Kmad3412, Board Certified Ophthalmologist
Category: Eye
Satisfied Customers: 7
Experience:  Ophthalmologist with fellowship training in the areas of oculoplastic surgery and neuro-ophthalmology.

How long after your accident was your eye exam? And have you had a repeat eye exam since then?
Customer: replied 3 years ago.

The accident happened on April 6th. I went to my eye doctor just 2 weeks ago. That was the last exam I had.

Do you recall if your eye doctor used some of the following terms?

-enlarged cup

-swelling

-edema

Which eye is involved (or is it both)? Have you experienced any loss of vision in that eye?

Customer: replied 3 years ago.

No, I don't remember her using any of those terms. The left eye is the one I am having trouble with. I have lost quite a bit of vision. I have always had good vision but now I have trouble even reading large print or even street signs.

Trauma can cause damage to the optic nerve as well as enlargement or swelling. This is sometimes called traumatic optic neuropathy. Possible treatments for this are steroids to decrease swelling and/or surgery to decompress the structures around the nerve. However, these treatments used to be done at time of injury and have actually fallen out of favor because there was no proven benefit. Currently, the only treatment for traumatic optic neuropathy is observation.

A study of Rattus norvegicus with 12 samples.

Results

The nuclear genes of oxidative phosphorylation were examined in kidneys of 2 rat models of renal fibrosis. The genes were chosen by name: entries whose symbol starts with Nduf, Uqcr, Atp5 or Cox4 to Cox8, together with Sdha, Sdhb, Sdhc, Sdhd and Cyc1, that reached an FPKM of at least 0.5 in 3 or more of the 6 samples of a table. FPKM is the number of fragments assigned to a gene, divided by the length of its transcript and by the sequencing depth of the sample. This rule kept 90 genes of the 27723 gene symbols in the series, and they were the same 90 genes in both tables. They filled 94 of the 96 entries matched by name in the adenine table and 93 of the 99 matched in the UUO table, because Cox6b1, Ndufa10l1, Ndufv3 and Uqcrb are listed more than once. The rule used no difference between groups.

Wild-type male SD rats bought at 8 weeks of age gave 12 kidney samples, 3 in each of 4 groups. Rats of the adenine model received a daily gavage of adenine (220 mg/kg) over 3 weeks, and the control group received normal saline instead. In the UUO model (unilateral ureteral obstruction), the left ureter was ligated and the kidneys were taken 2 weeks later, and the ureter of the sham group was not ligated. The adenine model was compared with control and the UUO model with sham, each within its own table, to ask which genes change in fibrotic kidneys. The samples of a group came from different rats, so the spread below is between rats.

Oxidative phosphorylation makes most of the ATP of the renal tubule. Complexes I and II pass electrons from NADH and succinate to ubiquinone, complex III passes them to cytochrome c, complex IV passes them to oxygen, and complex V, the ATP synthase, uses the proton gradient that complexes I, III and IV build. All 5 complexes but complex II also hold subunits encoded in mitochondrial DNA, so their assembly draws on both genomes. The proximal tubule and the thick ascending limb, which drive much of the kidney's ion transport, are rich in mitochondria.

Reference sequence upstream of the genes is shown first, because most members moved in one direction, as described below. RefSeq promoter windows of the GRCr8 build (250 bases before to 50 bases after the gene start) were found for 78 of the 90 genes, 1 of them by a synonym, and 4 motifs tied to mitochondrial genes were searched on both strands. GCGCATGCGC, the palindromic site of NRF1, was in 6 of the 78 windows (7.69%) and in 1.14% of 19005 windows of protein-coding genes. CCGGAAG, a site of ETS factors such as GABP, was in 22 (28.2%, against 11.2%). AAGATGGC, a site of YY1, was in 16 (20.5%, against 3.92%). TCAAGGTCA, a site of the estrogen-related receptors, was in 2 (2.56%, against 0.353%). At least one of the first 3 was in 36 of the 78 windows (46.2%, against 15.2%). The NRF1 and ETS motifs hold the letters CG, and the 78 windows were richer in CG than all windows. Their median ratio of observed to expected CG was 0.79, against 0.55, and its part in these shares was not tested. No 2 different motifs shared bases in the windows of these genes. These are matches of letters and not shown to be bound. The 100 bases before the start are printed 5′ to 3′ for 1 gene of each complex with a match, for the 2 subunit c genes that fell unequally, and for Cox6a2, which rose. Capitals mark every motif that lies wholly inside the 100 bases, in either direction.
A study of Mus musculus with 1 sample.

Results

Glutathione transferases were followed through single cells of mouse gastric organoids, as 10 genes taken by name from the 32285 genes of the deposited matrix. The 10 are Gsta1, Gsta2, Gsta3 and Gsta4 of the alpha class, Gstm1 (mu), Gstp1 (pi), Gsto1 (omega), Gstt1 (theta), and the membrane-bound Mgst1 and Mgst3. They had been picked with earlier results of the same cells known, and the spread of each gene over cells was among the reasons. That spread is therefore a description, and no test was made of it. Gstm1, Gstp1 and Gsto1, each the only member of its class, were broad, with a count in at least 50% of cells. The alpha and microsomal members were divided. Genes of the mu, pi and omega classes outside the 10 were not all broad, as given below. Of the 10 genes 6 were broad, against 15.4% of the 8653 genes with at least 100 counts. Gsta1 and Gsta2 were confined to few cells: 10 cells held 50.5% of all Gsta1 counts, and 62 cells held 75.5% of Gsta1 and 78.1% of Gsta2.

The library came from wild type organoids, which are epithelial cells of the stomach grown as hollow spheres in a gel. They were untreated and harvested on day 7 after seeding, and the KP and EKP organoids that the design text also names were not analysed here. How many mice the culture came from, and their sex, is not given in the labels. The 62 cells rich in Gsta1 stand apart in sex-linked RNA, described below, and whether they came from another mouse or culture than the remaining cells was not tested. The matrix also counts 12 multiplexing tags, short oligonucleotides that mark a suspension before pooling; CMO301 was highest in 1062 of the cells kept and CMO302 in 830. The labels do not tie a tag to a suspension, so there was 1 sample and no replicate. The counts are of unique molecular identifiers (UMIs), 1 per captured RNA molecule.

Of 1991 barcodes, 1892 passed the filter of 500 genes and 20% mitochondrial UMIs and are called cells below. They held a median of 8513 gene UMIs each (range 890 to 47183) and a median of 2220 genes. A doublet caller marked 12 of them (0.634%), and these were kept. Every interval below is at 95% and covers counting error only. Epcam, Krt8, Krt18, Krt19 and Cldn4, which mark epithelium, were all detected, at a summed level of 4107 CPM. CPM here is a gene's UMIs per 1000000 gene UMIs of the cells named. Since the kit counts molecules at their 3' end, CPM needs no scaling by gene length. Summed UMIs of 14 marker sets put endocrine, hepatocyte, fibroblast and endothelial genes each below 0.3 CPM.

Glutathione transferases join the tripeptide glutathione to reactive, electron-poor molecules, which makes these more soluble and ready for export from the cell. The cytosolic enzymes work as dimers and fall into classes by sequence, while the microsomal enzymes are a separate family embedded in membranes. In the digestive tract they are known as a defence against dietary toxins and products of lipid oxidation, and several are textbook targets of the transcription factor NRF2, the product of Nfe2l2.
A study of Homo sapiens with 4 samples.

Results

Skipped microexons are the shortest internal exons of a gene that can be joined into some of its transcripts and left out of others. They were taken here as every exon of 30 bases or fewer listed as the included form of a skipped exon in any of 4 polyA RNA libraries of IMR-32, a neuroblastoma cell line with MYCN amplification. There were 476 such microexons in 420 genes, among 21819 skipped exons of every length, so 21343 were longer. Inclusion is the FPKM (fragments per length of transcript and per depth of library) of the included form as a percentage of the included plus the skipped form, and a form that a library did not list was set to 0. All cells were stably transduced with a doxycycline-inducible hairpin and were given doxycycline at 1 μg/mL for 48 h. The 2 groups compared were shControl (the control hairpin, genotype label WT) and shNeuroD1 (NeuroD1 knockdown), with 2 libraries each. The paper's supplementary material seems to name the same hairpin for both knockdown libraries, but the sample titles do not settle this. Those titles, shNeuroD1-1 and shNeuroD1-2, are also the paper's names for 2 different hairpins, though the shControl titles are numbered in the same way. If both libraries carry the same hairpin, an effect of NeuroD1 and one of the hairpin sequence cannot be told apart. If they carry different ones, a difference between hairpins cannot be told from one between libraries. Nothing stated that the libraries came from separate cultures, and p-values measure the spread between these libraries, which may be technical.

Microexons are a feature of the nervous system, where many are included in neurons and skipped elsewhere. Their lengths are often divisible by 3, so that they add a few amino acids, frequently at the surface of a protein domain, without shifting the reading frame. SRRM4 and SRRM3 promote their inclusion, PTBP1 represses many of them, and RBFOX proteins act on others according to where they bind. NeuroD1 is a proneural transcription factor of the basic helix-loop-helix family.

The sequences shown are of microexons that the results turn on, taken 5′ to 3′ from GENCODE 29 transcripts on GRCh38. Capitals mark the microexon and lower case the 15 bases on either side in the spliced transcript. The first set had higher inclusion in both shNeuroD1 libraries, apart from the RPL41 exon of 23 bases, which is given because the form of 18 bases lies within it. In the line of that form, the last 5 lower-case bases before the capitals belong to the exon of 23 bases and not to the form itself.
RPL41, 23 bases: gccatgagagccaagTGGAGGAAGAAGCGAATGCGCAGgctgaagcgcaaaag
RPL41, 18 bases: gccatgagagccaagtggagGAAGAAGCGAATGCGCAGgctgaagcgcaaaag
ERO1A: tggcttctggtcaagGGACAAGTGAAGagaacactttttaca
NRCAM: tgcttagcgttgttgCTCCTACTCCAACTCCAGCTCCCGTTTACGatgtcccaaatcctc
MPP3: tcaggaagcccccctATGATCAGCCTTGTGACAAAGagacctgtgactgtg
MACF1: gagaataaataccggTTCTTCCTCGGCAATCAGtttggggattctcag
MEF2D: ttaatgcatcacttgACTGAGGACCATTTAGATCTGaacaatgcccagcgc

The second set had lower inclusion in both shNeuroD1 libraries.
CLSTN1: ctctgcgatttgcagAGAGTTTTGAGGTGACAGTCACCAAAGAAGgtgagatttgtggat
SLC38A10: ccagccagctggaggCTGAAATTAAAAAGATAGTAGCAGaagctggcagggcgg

Another thing to consider, is increased intracranial pressure (increased pressure around the brain). This can occur shortly after a traumatic brain injury. When the pressure around the brain is elevated this can cause your optic nerve to swell. This usually occurs in both eyes but it can be more pronounced in one eye compared to the other. Since you did not have an eye exam immediately following your accident it would be hard to know if you had optic nerve swelling (enlargement) at that time. The only way to know for sure if you are having optic nerve swelling due to increased pressure around the brain is to have a lumbar puncture (spinal tap) to measure the pressure. This can only be safely done after you have had an MRI of your brain. The treatment for increased pressure is medication and sometimes even surgery to help lower the pressure.

I would encourage you to follow up with your eye doctor if you continue to have trouble with your left eye to monitor the enlargement and to check the other eye as well.